Dell to lay off 6,650 workers, cites economy, slow PC sales

Dell joined Microsoft in cutting 5% of its workforce due to slowing PC sales. The company said the action will better position it for future growth.

Dell joined a growing list of top-tier tech companies laying off employees, citing economic slowdown and lower demand for PCs and laptops.

In an SEC filing, Dell said it plans to lay off some 6,650 employees to "stay ahead of the downturn impacts," brought on by the widespread and ongoing macro-economic conditions.

In an internal memo to employees, co-COO Jeff Clarke said the decision was made despite several cost-saving measures taken by the company over the past year, including limiting travel, pausing external hiring and reducing outside service spending. Those efforts were not sufficient, and tougher measures had to be taken, he said.

In recent months, other major tech vendors reduced their workforces due to the slowdown in PC sales. They include Microsoft and PC maker HP, Inc., the latter laying off up to 6,000 over the next three years. Intel in January filed a notice to the state of California of its plans to lay off 544 employees in that state.

Also to blame for the layoffs at Dell, Google and others is the over-hiring tech companies engaged in during the pandemic.

Daniel Newman, Analyst, Futurum Research; CEO, Broadsuite Media GroupDaniel Newman

"With the rapid onset of hiring during the pandemic, a lot of companies hired too quickly, paying significant premiums to bring in talent," said Dan Newman, an analyst at Futurum Research and CEO of Broadsuite Media Group. "But given the current circumstances, they are taking this moment to control costs, right-size their respective company and prepare for the next wave of growth."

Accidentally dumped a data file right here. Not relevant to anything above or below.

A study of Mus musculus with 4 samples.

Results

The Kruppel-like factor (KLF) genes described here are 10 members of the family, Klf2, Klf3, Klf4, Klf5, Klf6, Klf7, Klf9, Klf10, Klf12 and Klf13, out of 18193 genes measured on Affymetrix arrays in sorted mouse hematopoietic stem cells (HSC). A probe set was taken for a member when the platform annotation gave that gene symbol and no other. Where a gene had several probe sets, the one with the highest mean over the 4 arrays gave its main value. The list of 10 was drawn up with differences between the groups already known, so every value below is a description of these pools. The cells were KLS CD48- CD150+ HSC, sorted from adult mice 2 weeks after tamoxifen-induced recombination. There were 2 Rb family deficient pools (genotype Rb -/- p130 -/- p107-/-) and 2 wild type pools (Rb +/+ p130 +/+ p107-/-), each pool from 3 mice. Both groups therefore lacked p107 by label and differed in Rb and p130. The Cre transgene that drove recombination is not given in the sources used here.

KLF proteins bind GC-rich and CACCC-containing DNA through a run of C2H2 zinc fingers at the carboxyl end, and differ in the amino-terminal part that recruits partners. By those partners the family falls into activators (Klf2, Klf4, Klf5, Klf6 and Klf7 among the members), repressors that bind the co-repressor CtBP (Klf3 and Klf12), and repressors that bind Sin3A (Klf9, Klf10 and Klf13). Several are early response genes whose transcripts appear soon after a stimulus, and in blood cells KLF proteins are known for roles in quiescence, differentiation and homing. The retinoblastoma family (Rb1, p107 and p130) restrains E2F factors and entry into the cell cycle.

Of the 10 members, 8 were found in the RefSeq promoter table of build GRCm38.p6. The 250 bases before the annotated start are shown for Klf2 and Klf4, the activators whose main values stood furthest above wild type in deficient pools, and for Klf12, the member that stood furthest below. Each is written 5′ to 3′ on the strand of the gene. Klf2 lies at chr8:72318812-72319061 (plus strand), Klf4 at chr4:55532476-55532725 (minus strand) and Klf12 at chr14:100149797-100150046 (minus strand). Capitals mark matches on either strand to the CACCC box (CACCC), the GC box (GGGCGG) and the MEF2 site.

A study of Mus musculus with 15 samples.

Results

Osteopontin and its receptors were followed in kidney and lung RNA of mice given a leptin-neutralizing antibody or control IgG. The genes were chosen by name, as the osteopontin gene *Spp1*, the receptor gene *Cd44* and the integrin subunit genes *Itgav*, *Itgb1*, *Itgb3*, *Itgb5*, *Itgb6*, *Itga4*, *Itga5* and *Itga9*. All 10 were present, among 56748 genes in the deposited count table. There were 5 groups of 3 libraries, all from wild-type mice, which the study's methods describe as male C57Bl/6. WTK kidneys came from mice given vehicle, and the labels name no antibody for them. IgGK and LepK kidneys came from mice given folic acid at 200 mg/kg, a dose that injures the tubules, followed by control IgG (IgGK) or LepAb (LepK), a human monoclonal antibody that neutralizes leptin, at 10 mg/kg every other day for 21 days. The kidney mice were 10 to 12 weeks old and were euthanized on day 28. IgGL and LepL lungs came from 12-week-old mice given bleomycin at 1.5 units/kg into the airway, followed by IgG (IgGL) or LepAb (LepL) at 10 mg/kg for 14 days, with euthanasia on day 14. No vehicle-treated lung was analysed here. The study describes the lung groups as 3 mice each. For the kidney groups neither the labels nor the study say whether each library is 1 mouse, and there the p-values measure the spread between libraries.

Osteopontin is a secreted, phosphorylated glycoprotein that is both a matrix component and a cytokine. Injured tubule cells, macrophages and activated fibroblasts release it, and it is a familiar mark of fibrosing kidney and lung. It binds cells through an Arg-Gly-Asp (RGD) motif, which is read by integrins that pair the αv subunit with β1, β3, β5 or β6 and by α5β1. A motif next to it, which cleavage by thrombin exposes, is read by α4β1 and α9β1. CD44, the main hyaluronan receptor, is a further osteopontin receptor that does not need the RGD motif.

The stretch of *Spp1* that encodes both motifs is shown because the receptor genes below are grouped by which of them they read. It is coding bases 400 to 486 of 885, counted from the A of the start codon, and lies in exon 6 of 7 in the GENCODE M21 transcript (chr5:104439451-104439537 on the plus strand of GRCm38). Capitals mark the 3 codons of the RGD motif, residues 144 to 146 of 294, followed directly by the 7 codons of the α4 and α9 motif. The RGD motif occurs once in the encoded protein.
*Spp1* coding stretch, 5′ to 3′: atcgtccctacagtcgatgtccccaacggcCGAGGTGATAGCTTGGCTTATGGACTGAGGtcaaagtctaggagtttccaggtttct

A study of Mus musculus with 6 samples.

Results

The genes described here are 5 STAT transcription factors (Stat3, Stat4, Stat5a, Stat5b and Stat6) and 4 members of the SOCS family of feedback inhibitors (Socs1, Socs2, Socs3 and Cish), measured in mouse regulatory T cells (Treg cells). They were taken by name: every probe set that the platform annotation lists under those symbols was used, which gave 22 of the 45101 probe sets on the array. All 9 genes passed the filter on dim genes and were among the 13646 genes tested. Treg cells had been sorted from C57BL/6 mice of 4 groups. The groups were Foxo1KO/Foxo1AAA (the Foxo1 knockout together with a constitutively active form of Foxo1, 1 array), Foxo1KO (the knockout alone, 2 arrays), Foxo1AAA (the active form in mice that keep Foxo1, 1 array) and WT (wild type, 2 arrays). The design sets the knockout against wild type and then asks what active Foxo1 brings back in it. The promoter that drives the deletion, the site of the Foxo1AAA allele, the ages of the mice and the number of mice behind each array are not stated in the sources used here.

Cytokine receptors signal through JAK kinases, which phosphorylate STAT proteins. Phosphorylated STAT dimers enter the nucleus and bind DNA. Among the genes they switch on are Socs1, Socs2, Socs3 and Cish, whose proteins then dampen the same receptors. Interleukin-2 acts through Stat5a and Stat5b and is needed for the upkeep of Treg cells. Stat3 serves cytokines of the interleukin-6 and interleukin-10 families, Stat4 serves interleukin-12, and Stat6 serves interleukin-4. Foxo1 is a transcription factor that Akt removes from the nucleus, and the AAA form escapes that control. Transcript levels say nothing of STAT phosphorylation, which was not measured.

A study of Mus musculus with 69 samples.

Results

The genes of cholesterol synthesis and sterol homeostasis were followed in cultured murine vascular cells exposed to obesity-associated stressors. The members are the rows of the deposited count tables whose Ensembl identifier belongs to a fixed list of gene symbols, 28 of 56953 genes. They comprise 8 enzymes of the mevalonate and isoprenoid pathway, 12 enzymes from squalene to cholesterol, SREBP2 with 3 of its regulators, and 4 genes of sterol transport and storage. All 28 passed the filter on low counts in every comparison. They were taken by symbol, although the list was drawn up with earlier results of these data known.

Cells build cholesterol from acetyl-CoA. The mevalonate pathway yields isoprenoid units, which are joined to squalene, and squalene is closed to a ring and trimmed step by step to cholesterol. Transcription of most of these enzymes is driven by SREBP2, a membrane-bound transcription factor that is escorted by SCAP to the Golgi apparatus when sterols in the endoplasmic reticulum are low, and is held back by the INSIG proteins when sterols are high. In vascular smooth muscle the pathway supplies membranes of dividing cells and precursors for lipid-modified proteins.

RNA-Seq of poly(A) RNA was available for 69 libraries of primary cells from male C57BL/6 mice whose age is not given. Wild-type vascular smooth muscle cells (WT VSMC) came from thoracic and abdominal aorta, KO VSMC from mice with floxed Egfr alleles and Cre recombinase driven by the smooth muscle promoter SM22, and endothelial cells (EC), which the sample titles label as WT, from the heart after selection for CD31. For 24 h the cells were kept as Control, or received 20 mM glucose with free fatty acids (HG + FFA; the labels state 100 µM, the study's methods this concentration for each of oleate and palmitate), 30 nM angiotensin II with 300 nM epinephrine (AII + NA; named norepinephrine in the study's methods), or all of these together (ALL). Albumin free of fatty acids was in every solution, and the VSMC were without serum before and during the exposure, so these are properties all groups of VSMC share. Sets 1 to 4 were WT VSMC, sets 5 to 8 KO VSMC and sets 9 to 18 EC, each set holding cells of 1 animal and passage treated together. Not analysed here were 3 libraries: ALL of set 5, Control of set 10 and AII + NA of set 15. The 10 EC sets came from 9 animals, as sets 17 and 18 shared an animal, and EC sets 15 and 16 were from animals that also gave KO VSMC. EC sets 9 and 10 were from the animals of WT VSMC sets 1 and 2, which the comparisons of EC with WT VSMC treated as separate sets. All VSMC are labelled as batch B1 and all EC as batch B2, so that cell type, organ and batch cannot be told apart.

Worldwide shipments of PCs tumbled 28% in the fourth quarter of 2022 compared to the year-ago quarter, according to recent numbers from IDC. Dell's PC shipments plummeted 37% in last year's fourth quarter, with Lenovo and HP's PC shipments falling 28% and 29% respectively.

At the root of the PC slowdown is the increasingly cautious buying patterns of large enterprises that are just as fearful as the vendors selling them PCs. For instance, if an enterprise PC user has a three-year-old PC and is line for an upgrade, IT departments may now have that user wait another six months to a year and kick that expense the next fiscal quarter or year, Gold noted.

"Users are bombarded with news about a recession coming and so they are pulling back [on PC purchasing] to protect themselves," said Jack Gold, an analyst with J. Gold Associates LLC. "To a certain extent, there is a herd mentality among larger accounts, which promotes a self-fulfilling prophecy."

In its analysis, CompTIA, a nonprofit association for the IT industry and its workers, reports that though the technology sector layoffs totaled 2,489 in January, the number of job postings for tech positions jumped by 22,408 to 268,898. CompTIA used job data from the career listing site Lightcast.

As Editor At Large with TechTarget's News Group, Ed Scannell is responsible for writing and reporting breaking news, news analysis and features focused on technology issues and trends affecting corporate IT professionals.